It’s been almost 20 years since CSX started tearing down trestles along the unused Georgia Railroad running roughly parallel to Oconee/Oak Street in East Athens, prompting worldwide outrage among R.E.M. fans clamoring to save the bridge made iconic and something of a tourist attraction by its appearance on the back cover of the band’s debut album, Murmur.
After then-Mayor Doc Eldridge halted the demolition, talk turned to what to do with Athens-Clarke County’s newly owned railbed. The answer was, turn it into a flat, easy-to-pedal-and-walk trail connecting downtown and Winterville. Years later, a private group popped up seeking to extend that trail from Winterville through Oglethorpe and Greene counties, and the whole effort came to be known as Firefly Trail, named for an early engine on the line from which sparks flew like lightning bugs.
Many readers probably know the background, but it bears repeating, given that it’s been more than 12 years since voters approved a sales-tax referendum to fund the rails-to-trails project. Then ACC received a federal grant, and waited, and waited, and waited for the feds to approve plans. A trailhead was built on East Broad Street in 2010, but construction is getting underway in earnest just in the past couple of months.
“It provides another way downtown without people necessarily getting into their cars,” Commissioner Andy Herod, who represents the Eastside, said at an Apr. 10 Federation of Neighborhoods meeting. The trail will bring safety, health and economic benefits, boosting property values and drawing businesses, as Atlanta has seen with the Beltline.
Plus, “trails are fun,” said Firefly Trail Inc. board member Mark Ralston. He was sold on the idea when retired ACC Environmental Coordinator Dick Field took him on the Silver Comet rail-trail, which runs from Smyrna to Alabama. “There was no worry, no fear of the overtaking car—’Whoa! What are they doing?’ It was so freeing,” he said.
The $12 million allocated so far will only pay to build the trail from East Broad to Old Winterville Road. That doesn’t include repairing or replacing the Murmur trestle. Instead, for now, cyclists will have to leave Firefly Trail and ride down and up switchbacks through Dudley Park.
Herod said an application has been submitted for $17 million to complete the trail to the county line. That funding would come from T-SPLOST, a 1 percent sales tax for transportation that will be on the ballot in November. A citizen committee is vetting those projects now, and commissioners will make a final list this summer. Competition will be stiff, with more than $200 million in projects under consideration and about $100 million in expected revenue over five years.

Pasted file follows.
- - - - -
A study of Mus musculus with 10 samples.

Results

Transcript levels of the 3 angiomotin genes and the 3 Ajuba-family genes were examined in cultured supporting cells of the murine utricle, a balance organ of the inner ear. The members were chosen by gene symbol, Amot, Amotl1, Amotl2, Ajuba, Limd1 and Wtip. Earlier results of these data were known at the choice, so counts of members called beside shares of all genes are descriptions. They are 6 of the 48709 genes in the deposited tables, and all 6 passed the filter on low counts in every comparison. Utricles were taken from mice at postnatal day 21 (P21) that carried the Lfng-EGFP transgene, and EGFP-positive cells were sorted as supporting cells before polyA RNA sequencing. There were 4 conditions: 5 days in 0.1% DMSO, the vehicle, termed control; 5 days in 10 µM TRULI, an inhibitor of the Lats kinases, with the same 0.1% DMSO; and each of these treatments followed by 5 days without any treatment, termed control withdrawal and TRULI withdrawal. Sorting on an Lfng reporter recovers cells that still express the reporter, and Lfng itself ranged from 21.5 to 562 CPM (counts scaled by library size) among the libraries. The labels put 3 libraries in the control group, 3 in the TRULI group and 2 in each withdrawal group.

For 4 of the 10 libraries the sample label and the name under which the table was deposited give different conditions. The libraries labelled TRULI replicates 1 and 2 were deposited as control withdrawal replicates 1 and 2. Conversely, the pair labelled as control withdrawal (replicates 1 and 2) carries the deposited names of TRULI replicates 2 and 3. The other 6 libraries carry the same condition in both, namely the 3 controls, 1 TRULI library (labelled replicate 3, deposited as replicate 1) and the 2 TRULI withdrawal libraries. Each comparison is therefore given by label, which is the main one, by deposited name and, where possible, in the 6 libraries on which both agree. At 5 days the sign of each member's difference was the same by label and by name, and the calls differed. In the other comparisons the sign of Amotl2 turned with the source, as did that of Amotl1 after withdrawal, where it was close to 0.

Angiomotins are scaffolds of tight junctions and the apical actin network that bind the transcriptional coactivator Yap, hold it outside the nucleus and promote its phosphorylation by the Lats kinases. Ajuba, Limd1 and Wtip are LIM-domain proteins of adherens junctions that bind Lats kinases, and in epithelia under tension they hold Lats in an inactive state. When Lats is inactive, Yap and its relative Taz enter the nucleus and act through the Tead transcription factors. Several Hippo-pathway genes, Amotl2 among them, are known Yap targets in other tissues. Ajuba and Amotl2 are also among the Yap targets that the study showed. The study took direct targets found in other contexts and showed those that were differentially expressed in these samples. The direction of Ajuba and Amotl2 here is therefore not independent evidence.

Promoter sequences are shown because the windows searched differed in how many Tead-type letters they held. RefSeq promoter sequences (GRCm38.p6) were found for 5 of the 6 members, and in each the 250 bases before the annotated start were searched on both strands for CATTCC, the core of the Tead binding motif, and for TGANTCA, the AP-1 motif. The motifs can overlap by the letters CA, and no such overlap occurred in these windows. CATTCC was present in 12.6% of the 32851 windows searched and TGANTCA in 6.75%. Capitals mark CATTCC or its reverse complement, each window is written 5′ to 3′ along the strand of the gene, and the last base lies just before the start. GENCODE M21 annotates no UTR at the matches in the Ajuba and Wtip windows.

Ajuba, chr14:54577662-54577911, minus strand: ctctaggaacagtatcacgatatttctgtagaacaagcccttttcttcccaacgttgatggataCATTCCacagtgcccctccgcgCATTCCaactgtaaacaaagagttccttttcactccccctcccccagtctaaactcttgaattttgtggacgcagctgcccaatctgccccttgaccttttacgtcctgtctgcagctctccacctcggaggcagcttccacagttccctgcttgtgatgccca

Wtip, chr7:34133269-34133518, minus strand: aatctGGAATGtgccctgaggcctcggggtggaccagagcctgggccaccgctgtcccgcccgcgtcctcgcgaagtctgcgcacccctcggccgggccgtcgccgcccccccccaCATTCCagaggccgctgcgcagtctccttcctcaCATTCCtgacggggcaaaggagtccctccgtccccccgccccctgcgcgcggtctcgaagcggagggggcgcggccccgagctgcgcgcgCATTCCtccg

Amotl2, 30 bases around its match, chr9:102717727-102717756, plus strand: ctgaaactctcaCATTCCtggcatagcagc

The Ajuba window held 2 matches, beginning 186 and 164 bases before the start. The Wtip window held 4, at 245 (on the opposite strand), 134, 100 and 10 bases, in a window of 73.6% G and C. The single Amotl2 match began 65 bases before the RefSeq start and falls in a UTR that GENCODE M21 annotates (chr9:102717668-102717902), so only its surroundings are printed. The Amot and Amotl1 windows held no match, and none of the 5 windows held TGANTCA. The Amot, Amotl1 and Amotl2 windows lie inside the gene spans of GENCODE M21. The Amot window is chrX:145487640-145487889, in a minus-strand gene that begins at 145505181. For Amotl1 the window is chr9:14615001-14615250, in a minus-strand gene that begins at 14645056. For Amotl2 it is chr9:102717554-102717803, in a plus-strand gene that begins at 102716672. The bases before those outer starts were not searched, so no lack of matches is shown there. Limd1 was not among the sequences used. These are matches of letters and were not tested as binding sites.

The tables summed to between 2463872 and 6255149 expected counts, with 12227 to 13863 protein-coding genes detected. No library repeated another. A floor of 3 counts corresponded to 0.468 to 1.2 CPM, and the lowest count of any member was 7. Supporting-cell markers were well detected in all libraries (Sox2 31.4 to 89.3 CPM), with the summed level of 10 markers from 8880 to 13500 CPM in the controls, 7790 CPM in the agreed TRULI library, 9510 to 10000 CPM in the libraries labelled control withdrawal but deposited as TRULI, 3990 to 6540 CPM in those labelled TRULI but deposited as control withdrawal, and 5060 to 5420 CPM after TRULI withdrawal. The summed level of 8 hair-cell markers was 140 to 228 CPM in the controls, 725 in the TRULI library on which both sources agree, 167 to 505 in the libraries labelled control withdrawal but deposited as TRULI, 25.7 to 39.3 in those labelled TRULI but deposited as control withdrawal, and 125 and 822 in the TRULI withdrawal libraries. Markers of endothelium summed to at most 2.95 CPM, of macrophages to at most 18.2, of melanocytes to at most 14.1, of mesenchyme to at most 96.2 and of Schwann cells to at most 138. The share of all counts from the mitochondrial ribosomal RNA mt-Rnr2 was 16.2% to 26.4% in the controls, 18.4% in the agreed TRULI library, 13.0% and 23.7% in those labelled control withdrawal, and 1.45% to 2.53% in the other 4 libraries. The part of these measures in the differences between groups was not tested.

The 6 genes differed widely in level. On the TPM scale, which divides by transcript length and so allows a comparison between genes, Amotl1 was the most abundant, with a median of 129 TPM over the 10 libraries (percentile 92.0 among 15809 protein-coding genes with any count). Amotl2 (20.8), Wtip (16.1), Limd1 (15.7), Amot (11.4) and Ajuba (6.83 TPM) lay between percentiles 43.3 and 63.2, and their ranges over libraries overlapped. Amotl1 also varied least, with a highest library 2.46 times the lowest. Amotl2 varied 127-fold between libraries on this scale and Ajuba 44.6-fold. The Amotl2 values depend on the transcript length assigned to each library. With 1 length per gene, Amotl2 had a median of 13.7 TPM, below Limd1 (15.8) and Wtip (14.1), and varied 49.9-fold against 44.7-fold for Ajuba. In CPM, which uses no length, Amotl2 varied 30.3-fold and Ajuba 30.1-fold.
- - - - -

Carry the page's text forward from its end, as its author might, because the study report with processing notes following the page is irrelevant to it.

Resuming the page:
Winterville is already seeing bicycle and pedestrian tourism, Mayor Dodd Ferrelle said. “Every morning, we have cyclists,” he said. “We have people who come from Athens to walk with their children or grandchildren.” But he sees Firefly Trail doing for Winterville what the Silver Comet has done for towns along its 61-mile route, in addition to the safety benefits for residents of providing an off-street trail between the city’s two main intersections.
Farther down the future trail, Maxeys and Union Point are prepared to invest in “model miles” through those small towns, which Ralston thinks will convince other communities like Crawford and Arnoldsville to build their portions. “There are some pockets of opposition,” mainly based on unfounded concerns about privacy and crime, Ralston said. “That’s standard when you’re building a long trail.” Once people see it, though, they’ll realize “people aren’t coming bent on carrying away big-screen TVs from people’s houses while they’re on their bikes,” he said.
In Athens, Firefly Trail will become part of a network that one day will make it possible to get from Winterville or the Eastside to downtown and out to the State Botanical Garden or Ben Burton Park without ever setting a tire on a street. ACC will soon be extending the North Oconee River Greenway down to College Station Road, and that will tie into Firefly Trail at the park-and-ride lot on Oconee Street at the Loop. Future plans call for another greenway along the Middle Oconee, with paths through Boulevard and Normaltown connecting the two.
But if all that happens in the next 12 years, it’ll be a miracle.